MS Thesis Defense | Predicting Regulatory and Phenotypic Effects of Non-coding Variants

Student Hatoon Ali from the Bio-Ontology Research Group (BORG) under the supervision of Prof. Robert Hoehndorf successfully defends her Masters thesis. She presented her research on the topic " Predicting Regulatory and Phenotypic Effects of Non-coding Variants".


Despite the advancement in sequencing technologies, around 98% of the genome is usually disregarded due to the lack of interpretation methods. Here, I compare different sequence-based deep-learning approaches for predicting the functionality of the non-coding genome. Using the largest non-coding variant database, I tested the change in prediction as pathogenic vs. benign variants were introduced. Then, I benchmarked their performance on different genomic regions and phenotypes and built a logistic regression model for cell- and phenotype-specific track selection. The models outperformed state-of-the-art evolutionary- and variant based methods. Finally, I compared different target-gene annotation databases using ontology-based Resnik’s semantic similarity. I combined the previous steps in a variant-to-phenotype or phenotype-to-variant workflow and applied it to rare variants.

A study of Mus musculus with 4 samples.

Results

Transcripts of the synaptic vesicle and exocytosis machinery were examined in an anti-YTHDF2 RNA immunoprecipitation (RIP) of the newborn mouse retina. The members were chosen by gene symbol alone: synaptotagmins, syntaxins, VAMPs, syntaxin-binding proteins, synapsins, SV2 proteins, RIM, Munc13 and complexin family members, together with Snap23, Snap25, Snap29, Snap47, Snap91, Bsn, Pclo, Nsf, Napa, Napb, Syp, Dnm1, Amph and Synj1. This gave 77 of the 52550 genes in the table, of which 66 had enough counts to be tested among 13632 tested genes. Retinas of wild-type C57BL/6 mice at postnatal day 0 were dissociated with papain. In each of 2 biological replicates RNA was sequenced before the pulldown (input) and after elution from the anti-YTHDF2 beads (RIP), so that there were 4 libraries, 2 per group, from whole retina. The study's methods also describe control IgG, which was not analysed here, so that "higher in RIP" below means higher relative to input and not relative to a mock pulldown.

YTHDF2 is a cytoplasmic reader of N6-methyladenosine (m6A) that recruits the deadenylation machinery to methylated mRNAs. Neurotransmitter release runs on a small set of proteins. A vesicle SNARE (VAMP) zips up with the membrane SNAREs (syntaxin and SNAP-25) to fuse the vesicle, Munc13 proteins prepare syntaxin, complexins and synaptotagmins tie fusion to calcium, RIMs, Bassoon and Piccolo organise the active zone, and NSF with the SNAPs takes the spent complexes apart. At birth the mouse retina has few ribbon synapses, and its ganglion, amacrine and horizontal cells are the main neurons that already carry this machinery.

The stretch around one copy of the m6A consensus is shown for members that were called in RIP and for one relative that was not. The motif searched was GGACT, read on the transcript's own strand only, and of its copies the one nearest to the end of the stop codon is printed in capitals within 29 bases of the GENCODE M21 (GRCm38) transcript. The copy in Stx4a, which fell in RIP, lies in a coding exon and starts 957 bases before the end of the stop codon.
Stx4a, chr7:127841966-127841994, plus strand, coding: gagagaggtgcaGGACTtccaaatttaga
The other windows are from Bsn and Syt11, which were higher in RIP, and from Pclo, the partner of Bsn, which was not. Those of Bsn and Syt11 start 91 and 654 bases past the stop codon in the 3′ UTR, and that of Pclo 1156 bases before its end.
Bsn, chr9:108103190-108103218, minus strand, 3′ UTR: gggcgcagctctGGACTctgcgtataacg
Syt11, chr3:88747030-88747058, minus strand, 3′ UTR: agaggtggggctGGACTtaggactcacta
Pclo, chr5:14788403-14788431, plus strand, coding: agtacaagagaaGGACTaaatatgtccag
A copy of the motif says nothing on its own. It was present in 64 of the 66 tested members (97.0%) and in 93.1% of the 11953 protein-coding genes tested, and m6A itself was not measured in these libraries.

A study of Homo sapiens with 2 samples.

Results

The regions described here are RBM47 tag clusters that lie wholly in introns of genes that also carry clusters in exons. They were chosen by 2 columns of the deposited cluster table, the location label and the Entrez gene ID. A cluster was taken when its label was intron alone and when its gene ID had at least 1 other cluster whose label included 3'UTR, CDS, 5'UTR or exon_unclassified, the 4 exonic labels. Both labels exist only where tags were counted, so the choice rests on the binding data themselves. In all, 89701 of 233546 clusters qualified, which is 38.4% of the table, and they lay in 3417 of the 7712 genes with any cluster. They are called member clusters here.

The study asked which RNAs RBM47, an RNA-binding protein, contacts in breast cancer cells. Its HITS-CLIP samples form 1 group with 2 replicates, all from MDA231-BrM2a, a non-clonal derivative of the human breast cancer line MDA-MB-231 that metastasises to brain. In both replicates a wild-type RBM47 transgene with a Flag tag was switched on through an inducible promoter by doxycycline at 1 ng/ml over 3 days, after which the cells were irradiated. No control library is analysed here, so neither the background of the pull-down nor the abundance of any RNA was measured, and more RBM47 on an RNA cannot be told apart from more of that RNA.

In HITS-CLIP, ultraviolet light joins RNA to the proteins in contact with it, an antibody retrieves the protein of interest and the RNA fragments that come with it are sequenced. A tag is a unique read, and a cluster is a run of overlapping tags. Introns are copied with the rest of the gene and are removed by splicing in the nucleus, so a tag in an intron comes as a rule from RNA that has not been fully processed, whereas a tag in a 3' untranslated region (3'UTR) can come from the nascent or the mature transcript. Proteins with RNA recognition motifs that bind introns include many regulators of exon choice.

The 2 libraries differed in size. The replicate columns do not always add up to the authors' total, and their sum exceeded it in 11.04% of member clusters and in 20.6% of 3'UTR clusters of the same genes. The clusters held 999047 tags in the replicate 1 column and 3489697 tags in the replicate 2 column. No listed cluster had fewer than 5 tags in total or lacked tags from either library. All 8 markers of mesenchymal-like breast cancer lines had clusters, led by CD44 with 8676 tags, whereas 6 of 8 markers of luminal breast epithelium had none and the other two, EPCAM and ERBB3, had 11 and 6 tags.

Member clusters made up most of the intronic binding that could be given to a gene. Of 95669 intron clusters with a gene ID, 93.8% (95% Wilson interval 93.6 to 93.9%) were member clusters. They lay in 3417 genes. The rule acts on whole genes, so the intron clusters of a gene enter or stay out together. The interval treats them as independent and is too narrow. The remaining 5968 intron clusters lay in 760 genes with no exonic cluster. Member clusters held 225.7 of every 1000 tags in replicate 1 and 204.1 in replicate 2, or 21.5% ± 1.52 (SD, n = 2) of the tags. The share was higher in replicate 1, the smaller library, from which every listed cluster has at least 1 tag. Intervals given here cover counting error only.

Hatoon Ali is a Master's student in the Bio-Ontology Research Group (BORG) at King Abdullah University of Science and Technology (KAUST)under the supervision of Prof. Robert Hoehndorf. Ali's research focuses on studying genetic links to human disease, with a particular interest in utilizing sequence-based prediction models to prioritize non-coding variants. She is also working on customizing bioinformatics tools for special populations.

Prior to joining KAUST, Ali earned a Bachelor's degree in Clinical Laboratory Science from King Saud University in 2018.